Current Sarcoma research project funded with a
$25,000 grant from the "I’m Not Done Yet Foundation”
Case Comprehensive Cancer Center (Case CCC) Cleveland , Ohio
Alex Y. Huang, M.D., Ph.D.
Program Leader Hematopoietic and Immune Cancer Biology and Member of Angie Fowler Adolescent and Young Adult (AYA) Cancer Research Initiative at Case Comprehensive Cancer Center (Case CCC)
Associate Professor of Pediatrics, Pathology & Biomedical Engineering at Case Western Reserve University School of Medicine
Associate Director, Pediatric Hematology-Oncology Fellowship Program at UH Rainbow Babies & Children's Hospital
At the Case Comprehensive Cancer Center (Case CCC) in Cleveland, Ohio, the I’m Not Done Yet Foundation is supporting innovative sarcoma research focused on potential Adolescent and Young Adults (AYA) applications of existing cancer drugs currently only available to adults affected with Multiple Myeloma in clinical trials. This research, combined with promising developments in immunotherapy being spearheaded at the Case CCC under Dr. Alex Huang’s leadership, represents new hope for enhanced treatment of sarcomas in young people.
The Case Comprehensive Cancer Center is a collaborative effort that combines the research prowess of Case Western Reserve University School of Medicine and the research and clinical expertise of its internationally renowned clinical affiliates, University Hospitals and Cleveland Clinic.
Osteosarcoma (OS) is an aggressive malignant primary bone cancer with a high propensity for lung metastasis. OS frequently originates from primitive mesenchymal bone-forming cells in the long bones during periods of rapid bone growth. Consequently, OS represents the most prevalent bone cancers affecting children and adolescent and young adults (AYA), with ~400-600 cases a year and accounts roughly half of all new cases of OS diagnosed in the United States. Despite aggressive combination chemotherapy and surgery, the outcome for metastatic OS remains dismal, and the overall survival in children and AYA patients with metastatic OS has not improved significantly over the past 3 decades. A high proportion of OS patients develop metastatic disease at distant sites either at the time of diagnosis (one in five patients; 20%) or after initiation of multimodal therapy including combination chemotherapy and surgery (in ~30% of patients). The lung accounts for >80% of all OS metastatic sites. Unfortunately, almost all of the patients who develop surgically unresectable pulmonary metastatic OS invariably succumb to this devastating disease. Therefore, pOS represent a disease with urgent unmet needs.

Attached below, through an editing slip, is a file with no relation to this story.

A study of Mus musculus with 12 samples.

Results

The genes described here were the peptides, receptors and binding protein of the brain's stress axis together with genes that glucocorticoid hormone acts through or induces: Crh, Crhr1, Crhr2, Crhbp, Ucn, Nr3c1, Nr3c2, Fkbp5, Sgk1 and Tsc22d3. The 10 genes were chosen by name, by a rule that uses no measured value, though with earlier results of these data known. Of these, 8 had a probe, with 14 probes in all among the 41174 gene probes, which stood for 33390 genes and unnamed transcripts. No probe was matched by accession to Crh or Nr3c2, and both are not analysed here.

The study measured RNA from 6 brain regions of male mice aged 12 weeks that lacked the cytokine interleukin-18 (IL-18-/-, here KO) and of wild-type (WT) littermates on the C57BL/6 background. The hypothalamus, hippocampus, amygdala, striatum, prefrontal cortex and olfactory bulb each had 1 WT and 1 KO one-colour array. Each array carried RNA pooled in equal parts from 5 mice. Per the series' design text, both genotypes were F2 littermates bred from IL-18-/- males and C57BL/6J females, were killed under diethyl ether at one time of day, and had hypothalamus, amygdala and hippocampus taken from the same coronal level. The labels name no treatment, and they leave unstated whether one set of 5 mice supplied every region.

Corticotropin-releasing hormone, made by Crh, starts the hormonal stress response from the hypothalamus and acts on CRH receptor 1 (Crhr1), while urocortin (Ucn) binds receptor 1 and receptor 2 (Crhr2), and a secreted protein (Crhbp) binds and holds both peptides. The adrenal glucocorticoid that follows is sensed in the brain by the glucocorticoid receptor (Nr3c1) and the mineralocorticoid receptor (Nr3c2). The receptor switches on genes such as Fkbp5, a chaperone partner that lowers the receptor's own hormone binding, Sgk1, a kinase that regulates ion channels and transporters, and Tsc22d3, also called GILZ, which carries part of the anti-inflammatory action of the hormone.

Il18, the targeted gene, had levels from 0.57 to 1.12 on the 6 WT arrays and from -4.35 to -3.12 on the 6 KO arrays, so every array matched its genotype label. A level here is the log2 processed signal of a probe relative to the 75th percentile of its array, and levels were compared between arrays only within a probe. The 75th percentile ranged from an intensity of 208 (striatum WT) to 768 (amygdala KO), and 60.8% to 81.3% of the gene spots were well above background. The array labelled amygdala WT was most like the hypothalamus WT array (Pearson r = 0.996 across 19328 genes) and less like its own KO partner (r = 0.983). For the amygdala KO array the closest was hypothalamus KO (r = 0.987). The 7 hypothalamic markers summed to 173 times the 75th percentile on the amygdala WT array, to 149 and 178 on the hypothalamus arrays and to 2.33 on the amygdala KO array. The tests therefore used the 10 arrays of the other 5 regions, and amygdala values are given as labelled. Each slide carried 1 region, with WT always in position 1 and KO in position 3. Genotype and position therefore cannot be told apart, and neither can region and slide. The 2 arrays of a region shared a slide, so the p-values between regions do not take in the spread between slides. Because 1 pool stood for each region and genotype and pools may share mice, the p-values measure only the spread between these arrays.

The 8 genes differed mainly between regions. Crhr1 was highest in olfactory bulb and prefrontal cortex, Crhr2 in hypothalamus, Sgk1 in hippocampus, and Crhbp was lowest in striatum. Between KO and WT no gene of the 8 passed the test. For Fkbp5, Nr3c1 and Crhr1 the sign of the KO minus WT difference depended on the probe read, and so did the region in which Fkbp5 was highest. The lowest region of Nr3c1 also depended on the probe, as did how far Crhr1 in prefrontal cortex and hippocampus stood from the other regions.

Led by Dr. Alex Huang, our multi-disciplinary investigator team at the Case Comprehensive Cancer Center and the Angie Fowler AYA Cancer Institute at UH Rainbow Babies & Children’s Hospital is determined to bring novel immune-based therapeutic options to pediatric and AYA patients suffering from this and other common aggressive sarcoma including Ewing Sarcoma and Rhabdomyosarcoma by providing concept-driving, novel “outside-of-the-box” and paradigm-shifting immunotherapeutic approaches.
With the support from the I’m Not Done Yet Foundation, we will propose to obtain pre-clinical data that would lend scientific support for the future development of a Phase I/II clinical trial targeting a common immuno-suppressive signaling pathway - the TGF / TGF Receptor pathway – within sarcoma microenvironment. It has been known for some time that TGF constitutes a dominant immune suppressive factor that is responsible for causing immune cell dysfunction. Therefore, effective pharmacologic inhibition of the TGF / TGF Receptor pathway has the potential to re-energize host immune system and allow for effective anti-tumor control of both primary and metastatic sarcomas. Recently, MedPacto, Inc. developed a novel, orally available small molecule drug designed to directly target the TGF Receptor. Early Phase I trial in multiple myeloma at UH Seidman Cancer Center has shown safety, minimal toxicity and easily tolerability in adult patients. MedPacto has a strong desire to provide the drug (Vactosertib; TEW-7197) and sponsor a trial focused on AYA sarcoma if our group can demonstrate its efficacy in preclinical AYA sarcoma models.
Given this unprecedented opportunity, we propose to test Vactosertib using a mouse OS model (K7M2). Within the next 12 months, we will test in vivo efficacy of Vactosertib for both primary bone tumors and metastatic lung lesions in the presence or absence of concomitant administration of other immunotherapeutic strategies, including anti-PD1 / anti-PDL1 immune checkpoint blocking antibodies, anti-CTLA4 immune checkpoint blocking antibodies, adoptively transferred ex vivo expanded Natural Killer (NK) cellular therapy, and liquid nitrogen-induced cryo-ablation therapy of metastatic lesions.
Success of this preclinical pilot study will lead to the design of a Phase I/II clinical trial targeting OS, Ewing Sarcoma and Rhabdomyosarcoma in the AYA population. Data obtained from this pilot experiment will also be used to compete for additional funding from the NCI, St. Baldrick’s Foundation, Alex’s Lemonade Stand Foundation, Hyundai Hope-on-Wheels Foundation, Rally Foundation and other funding agencies.